Forget football and basketball. There is no faster growing sport in the world than e-sports, and there is no bigger e-sports tournament than the League of Legends World Championship, which took place in France this weekend and had a tidy $US1 million prize for the victors.
Graham Ashton is a journalist with The Esports Observer and joined Jim Mora to give him a run down.
Ashton says the event is a partnership with the publisher of the game and the city of Paris.
“They actually held a kind of activation village near the city hall where people could come see the sponsors and there was a press conference at the Eiffel Tower where the trophy case designed by Louis Vuitton was shown off to attendees for the first time… they’re really pulling out all the stops for this event.”
He says the game has 13 regional leagues around the world, including the Oceanic Pro League in our part of the globe. The leagues play two seasons each year and the top performing teams go onto the world championship which takes place over a series of weeks.
“It started out in Berlin with the group stage, then we had the quarter and semi-finals in Madrid, and now we have the climactic showdown in Paris.”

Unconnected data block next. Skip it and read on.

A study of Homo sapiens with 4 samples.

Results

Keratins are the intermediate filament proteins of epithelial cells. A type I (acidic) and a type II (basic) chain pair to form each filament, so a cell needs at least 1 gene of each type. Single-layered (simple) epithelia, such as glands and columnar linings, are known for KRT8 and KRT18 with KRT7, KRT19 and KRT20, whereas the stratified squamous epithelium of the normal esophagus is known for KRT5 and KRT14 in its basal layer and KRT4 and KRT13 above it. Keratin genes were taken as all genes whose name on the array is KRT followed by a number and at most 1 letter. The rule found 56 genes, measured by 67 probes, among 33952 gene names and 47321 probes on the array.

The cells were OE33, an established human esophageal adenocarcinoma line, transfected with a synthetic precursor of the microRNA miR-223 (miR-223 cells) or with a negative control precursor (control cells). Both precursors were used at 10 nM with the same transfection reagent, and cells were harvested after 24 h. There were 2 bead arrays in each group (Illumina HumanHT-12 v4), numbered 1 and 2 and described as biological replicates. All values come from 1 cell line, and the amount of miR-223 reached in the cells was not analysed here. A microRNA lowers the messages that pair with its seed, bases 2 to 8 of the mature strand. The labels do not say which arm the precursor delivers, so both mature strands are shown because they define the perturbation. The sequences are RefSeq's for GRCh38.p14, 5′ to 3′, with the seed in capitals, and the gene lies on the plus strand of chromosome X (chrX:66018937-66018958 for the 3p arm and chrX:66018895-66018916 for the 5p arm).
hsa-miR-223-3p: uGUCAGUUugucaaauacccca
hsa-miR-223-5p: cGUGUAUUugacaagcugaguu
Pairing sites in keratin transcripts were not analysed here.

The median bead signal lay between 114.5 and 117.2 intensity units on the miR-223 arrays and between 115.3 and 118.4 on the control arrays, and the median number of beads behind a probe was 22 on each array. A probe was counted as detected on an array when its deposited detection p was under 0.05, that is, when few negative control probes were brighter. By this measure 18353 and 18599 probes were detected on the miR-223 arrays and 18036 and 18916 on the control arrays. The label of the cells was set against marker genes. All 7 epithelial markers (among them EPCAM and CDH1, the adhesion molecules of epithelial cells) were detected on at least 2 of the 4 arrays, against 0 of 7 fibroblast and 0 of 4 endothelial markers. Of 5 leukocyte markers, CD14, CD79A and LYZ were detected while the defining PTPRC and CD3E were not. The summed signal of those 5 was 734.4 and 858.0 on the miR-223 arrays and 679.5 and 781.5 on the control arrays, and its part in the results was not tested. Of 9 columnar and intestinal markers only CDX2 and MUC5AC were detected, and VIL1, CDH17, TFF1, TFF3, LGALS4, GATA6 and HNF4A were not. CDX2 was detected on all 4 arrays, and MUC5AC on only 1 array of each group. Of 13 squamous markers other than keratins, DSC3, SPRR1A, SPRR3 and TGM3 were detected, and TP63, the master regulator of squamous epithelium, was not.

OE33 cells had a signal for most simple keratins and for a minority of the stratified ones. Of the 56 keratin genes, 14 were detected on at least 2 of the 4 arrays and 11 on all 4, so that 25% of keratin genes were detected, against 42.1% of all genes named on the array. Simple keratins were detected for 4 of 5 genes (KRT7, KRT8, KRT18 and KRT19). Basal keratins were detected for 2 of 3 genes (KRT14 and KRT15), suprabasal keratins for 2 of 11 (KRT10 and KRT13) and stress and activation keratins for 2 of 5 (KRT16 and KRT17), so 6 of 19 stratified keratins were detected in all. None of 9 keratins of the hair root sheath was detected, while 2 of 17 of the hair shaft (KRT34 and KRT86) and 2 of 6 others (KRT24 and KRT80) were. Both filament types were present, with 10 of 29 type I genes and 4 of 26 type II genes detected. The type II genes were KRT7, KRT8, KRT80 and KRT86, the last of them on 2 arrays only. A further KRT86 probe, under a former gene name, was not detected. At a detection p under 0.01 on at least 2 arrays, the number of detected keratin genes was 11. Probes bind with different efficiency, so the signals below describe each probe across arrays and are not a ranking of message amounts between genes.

Ashton says a 15,000-seat venue sold out for the event, a huge number, but dwarfed by the sell-out of the 40,000 seat sell-out of the bird’s nest Olympic stadium in Beijing for a previous event.
“The event will go back to China next year and I’m quite certain they will be able to exceed that number.”
He explains that much of the enjoyment for fans stems from the fact that the majority play the game and have a deep understanding of what’s happening. There’s also a culture surrounding the game, he says.
“This game has its own lore, its own characters. You often see at these events, people dressed up as the characters and enjoying themselves. There’s a whole subculture that’s developed not just around the competitive scene, but the actual game itself.”
Playing a video game competitively might seem straightfoward, but Ashton says players can spend thousands of hours refining their gameplay.
“I even struggle to get my head around it. If you just look at them playing, it’s a simple game with a keyboard and a mouse but to say it’s simple is absolutely not true. Some of these players can play from eight to 12, even longer hours, per day just simply refining their mechanical movements and understanding the game. And, of course, these games get updated every week. The ‘meta’, as they call it, gets constantly re-shifted.
“It’s a gruelling task. The fun of being able to play video games every day for a living is, I’m sure, great. But, at the same time, it’s a very stressful career choice for these guys.”
There’s also the added pressure of being on a world stage. Last year’s viewership, according to the publisher, peaked at 44 million. It’s close to the biggest records for the Super Bowl.
Ashton says part of the reason e-sports is the fastest growing sport is because the average viewer age of 15-30 is highly attractive to advertisers and promoters.
“There’s not much doubt that if it continues at this fast rate, that it will reach those heights of the big sporting events. And by that point it’s going to be an international phenomenon.”